A new survey of consumers who carry chronic balances on their credit cards shows much of their spending is on basic daily needs–making ends meet.
The research from credit card site CompareCards.com found 42 percent of consumers in the survey group reported their shortage of cash at the end of the month was a significant driver in running up debt.
Aside from gasoline and groceries, consumers reported that emergency expenses such as car repairs and medical care went on credit cards because money was not available.
Bruce McClary, a vice president at the National Foundation for Credit Counseling, which represents non-profit credit counselors, says the survey should raise some warning flags.
"What I find disturbing about this survey is that it shows consumers are rolling over more than $5,000 in balances from month to month, coupled with the fact that much of that debt–some 42 percent–is related to simply making ends meet, covering expenses that would ordinarily have been covered using cash," McClary told ConsumerAffairs.
The survey focused on reasons for credit card debt and the stress that it causes among consumers. Millennials are more likely than older consumers to feel stress, yet baby boomers are having a harder time than millennials paying off their debt.
Also disturbing, the survey found about 28 percent of consumers had two or more credit cards with a balance they can't pay off in full.
"We are clearly in a trend where more people are falling behind on their credit card payments and people are carrying larger balances," McClary said. "That combination can be very dangerous."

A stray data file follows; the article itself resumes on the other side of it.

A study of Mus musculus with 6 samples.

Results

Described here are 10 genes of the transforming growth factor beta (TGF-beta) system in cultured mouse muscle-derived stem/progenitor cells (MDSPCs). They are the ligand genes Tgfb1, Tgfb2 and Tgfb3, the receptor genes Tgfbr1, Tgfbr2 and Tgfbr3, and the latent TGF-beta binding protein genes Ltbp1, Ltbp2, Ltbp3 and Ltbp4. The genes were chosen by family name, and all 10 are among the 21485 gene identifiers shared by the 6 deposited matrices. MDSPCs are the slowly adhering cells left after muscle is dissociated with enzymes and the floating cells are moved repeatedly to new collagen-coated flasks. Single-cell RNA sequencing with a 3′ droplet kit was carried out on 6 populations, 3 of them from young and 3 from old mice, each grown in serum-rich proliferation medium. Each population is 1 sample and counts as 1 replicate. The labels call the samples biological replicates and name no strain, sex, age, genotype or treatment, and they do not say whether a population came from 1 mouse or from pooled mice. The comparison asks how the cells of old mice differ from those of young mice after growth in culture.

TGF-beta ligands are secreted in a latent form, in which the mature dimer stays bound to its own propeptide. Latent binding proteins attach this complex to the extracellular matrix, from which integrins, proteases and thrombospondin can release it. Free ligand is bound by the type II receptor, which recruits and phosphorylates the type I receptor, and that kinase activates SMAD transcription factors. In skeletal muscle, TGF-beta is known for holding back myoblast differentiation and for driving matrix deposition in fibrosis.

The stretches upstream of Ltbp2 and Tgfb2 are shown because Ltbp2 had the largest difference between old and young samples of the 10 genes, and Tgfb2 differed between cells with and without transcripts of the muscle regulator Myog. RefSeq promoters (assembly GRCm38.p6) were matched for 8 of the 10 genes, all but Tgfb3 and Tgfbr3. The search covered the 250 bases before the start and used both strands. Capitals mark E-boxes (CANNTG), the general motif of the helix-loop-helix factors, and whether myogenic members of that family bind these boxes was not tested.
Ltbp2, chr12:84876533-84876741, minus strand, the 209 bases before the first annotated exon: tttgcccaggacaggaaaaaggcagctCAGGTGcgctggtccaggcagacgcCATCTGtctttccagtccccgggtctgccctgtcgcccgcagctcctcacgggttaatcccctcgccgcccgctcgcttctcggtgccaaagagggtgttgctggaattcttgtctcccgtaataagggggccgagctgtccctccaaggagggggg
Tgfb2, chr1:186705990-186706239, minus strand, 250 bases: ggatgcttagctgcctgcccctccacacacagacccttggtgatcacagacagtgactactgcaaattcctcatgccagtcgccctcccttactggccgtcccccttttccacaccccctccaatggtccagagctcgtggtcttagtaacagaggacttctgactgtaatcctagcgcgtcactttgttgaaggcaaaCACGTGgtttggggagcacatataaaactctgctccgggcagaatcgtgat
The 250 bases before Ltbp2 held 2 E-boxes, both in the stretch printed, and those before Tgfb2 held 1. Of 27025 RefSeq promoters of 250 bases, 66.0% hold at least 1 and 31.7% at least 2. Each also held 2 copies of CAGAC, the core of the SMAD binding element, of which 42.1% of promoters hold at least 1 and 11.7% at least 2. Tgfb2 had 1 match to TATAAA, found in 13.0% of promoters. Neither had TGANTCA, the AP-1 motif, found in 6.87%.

The survey can be subject to different interpretations. Despite a soaring stock market and improving job market, a sizable group of consumers may still be struggling financially.
At the same time, McClary says some consumers with job security may have become too comfortable with debt over the last few years and are now in over their heads. He says it's easy to do.
Long term costs
"Consumers should think about the long term costs of the things they're buying on credit, he said. "If their credit card is simply charging them the average interest rate, which right now is around 16 percent, you can be adding a lot to the cost of the item you're buying."
McClary cites the example of carrying a $1,000 balance and paying the minimum $25 a month at 16 percent APR. At that rate, he says consumers would pay an additional $400 by the time they paid off the balance.
It might be difficult, but McClary says consumers struggling with credit card debt can turn it around.
"In my 20 years of non-profit credit counseling I have always found that there is the possibility of finding room in the budget for savings," McClary said. It's just a matter of where you look and how hard you're willing to work to make those adjustments."
For help, he suggests contacting a non-profit credit counselor. While some consumers may have little or no discretionary spending that can be cut, a credit counselor can suggest tactical moves that can save money on existing financial obligations.